Channelpedia

PubMed 19136376


Referenced in Channelpedia wiki pages of: none

Automatically associated channels: Cav1.2



Title: Gene plasticity in colonic circular smooth muscle cells underlies motility dysfunction in a model of postinfective IBS.

Authors: Barun K Choudhury, Xuan-Zheng Shi, Sushil K Sarna

Journal, date & volume: Am. J. Physiol. Gastrointest. Liver Physiol., 2009 Mar , 296, G632-42

PubMed link: http://www.ncbi.nlm.nih.gov/pubmed/19136376


Abstract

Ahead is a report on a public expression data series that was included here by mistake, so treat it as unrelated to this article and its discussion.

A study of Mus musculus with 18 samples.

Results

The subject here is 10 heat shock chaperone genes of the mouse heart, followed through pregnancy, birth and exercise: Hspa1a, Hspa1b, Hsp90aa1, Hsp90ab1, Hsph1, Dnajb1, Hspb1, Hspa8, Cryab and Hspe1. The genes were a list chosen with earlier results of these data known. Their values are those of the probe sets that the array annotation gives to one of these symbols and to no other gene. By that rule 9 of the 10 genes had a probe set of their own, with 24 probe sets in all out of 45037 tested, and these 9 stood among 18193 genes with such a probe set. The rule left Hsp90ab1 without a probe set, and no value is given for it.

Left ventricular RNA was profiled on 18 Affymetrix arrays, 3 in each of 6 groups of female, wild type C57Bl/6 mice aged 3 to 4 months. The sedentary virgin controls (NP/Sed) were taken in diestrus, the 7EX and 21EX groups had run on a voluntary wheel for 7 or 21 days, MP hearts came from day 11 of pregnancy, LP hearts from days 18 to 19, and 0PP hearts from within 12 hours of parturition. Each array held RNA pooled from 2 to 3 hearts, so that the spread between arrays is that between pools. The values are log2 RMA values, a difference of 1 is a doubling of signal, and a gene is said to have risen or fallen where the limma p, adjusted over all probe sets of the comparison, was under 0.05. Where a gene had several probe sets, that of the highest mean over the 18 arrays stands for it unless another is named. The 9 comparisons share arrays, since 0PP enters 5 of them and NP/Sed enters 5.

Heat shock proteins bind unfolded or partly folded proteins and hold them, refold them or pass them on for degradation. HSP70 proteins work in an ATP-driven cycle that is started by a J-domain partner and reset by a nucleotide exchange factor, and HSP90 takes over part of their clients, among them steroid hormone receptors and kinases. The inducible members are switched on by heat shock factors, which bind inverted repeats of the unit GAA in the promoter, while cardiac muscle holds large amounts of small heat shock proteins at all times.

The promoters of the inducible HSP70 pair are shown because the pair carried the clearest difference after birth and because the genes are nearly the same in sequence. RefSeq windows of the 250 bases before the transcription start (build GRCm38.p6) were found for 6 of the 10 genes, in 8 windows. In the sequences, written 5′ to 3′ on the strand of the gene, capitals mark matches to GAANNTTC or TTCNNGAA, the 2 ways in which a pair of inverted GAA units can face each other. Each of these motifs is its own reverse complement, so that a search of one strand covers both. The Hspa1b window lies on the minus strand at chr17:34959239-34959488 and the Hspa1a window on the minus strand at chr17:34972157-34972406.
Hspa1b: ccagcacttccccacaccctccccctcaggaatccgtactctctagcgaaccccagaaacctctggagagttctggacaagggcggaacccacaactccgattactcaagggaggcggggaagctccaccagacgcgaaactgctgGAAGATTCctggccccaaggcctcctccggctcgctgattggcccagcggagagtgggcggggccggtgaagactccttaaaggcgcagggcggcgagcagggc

The cellular mechanisms of motility dysfunction in postinfectious irritable bowel syndrome (PI-IBS) are not known. We used a rat model of neonatal inflammation to test the hypothesis that gene plasticity in colonic circular smooth muscle cells underlies motility dysfunction in PI-IBS. Mild/moderate or severe inflammation was induced in neonatal and adult rats. Experiments were performed in tissues obtained at 7 days (short term) and 6-8 wk (long term) after the induction of inflammation. Severe inflammation in neonatal rats induced persistent long-term smooth muscle hyperreactivity to acetylcholine (ACh), whereas that in adult rat caused smooth muscle hyporeactivity that showed partial recovery in the long term. Mild/moderate inflammation had no effect in neonatal rats, but it induced smooth muscle hyporeactivity to ACh in adult rats, which recovered fully in the long term. Smooth muscle hyperreactivity to ACh resulted in accelerated colonic transit and increase in defecation rate, whereas hyporeactivity had opposite effects. Smooth muscle hyperreactivity to ACh was associated with increase in transcription rate of key cell-signaling proteins of the excitation-contraction coupling alpha1C subunit of Cav1.2 (L-type) calcium channels, Galphaq, and 20-kDa myosin light chain (MLC20), whereas hyporeactivity was associated with their suppression. Inflammation in adult rats induced classical inflammatory response, which was absent in neonatal rats. Severe neonatal inflammation enhanced plasma norepinephrine and muscularis propria vasoactive intestinal polypeptide in the long term. We conclude that severe, but not mild/moderate, inflammation in a state of immature or impaired stress and immune response systems alters the transcription rate of key cell-signaling proteins of excitation-contraction coupling in colonic circular smooth muscle cells to enhance their contractility and accelerate colonic transit and defecation rate.